No profit, no loss for Qadri

ISLAMABAD: Political persuasion and administrative steps on the heels of last-resort plane diversion was the best that the under-pressure PML-N federal and provincial governments could come up with to finally wind up the much-trumpeted Islamabad-Lahore GT Road political show of Dr Tahirul Qadri, and avoid any major fireworks.  
The nine-hour-long sit-in of sorts in a foreign airline plane at the Lahore airport, followed by negotiations and then sojourn along with Punjab governor, however, gave Qadri at least something to cheer, for the time being. He lost nothing big, gained nothing substantial. With security scare and June 17 bloody event of Lahore still fresh in minds, both sides knew fully well their limits, bearing strictly in mind to stay away from a full-blown political contest in the backdrop of operation Zarb-e-Azb in North Waziristan.  
Dr Qadri’s appeal to garrison all day long on Monday proved a D-Day, as he had to be content with a smoke screen in the shape of Punjab governor as representative of the state rather than the government, more of a political pawn of his arch adversaries, the Sharifs. Ironically, the tactful Sharifs, on this day, seemed to have run out of credible political faces in stock, but Governor Sarwar, to do the difficult job.  
Earlier on Monday, apart from some controlled skirmishes in the twin-cities, both the federal and Punjab governments seemed over-cautious, especially in the backdrop of unfortunate events of Lahore, which had turned Qadri’s otherwise marginalised show into a keenly observed political happening all over the country. Sans presence on the GT Road, the hours long coverage on media, however, provided Dr Qadri an easy access across the country – enough space to live to fight another day.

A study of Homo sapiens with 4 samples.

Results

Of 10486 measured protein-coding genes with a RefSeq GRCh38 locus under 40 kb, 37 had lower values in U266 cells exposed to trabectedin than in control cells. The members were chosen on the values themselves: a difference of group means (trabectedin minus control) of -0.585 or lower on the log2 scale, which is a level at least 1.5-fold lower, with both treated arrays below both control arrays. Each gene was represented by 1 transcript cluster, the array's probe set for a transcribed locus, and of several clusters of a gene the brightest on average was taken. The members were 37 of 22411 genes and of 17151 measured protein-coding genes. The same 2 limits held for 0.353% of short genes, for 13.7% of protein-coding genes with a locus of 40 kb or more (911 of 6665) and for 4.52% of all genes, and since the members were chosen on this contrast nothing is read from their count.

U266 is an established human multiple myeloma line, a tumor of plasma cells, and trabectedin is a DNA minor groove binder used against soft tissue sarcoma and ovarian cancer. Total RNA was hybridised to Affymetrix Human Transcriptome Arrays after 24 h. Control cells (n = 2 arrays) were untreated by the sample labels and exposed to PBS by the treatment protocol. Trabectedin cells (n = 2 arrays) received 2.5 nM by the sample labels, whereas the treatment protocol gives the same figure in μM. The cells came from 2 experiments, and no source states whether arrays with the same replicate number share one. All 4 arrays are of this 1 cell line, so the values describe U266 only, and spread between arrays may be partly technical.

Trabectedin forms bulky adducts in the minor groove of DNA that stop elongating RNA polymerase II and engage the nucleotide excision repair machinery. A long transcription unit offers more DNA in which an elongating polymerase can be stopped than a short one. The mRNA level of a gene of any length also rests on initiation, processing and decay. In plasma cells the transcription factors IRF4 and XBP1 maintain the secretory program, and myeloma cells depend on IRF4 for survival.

The situation at hand will give enough time and space to Qadri and associates to plan and re-group for a post-monsoon political offensive against the PML-N government – maybe a long march towards capital Islamabad – provided the schedule does not collide with army’s sensitivities in North Waziristan. Till then, this new Sharif hater club will have to plug in an important missing link, and win over PTI’s Imran Khan through a loosely bonded or tightly knit political alliance that can prove a major morale booster for them. 
Short of it, the whole plan might not click. But till now, conspiracy theories apart, Imran does not seem convinced an alliance with Qadri and Chaudhrys of PML-Q will prove a sane political move. Some of Khan’s close aides may think of Qadri as an “anarchist of sorts” intending to shake the very system in which PTI is a major stakeholder. But the big question for the weeks to come remains: can the PML-N being the biggest stakeholder in the present system offer something to Imran (election reforms and recount on four national constituencies of his choice) to convince him to give up agitational politics? Or be left alone to be lured into the new, Imran- or Dr Qadri-led alliance, in foreseeable future? In either case, it will be a full-scale test of political skills of both the Sharifs.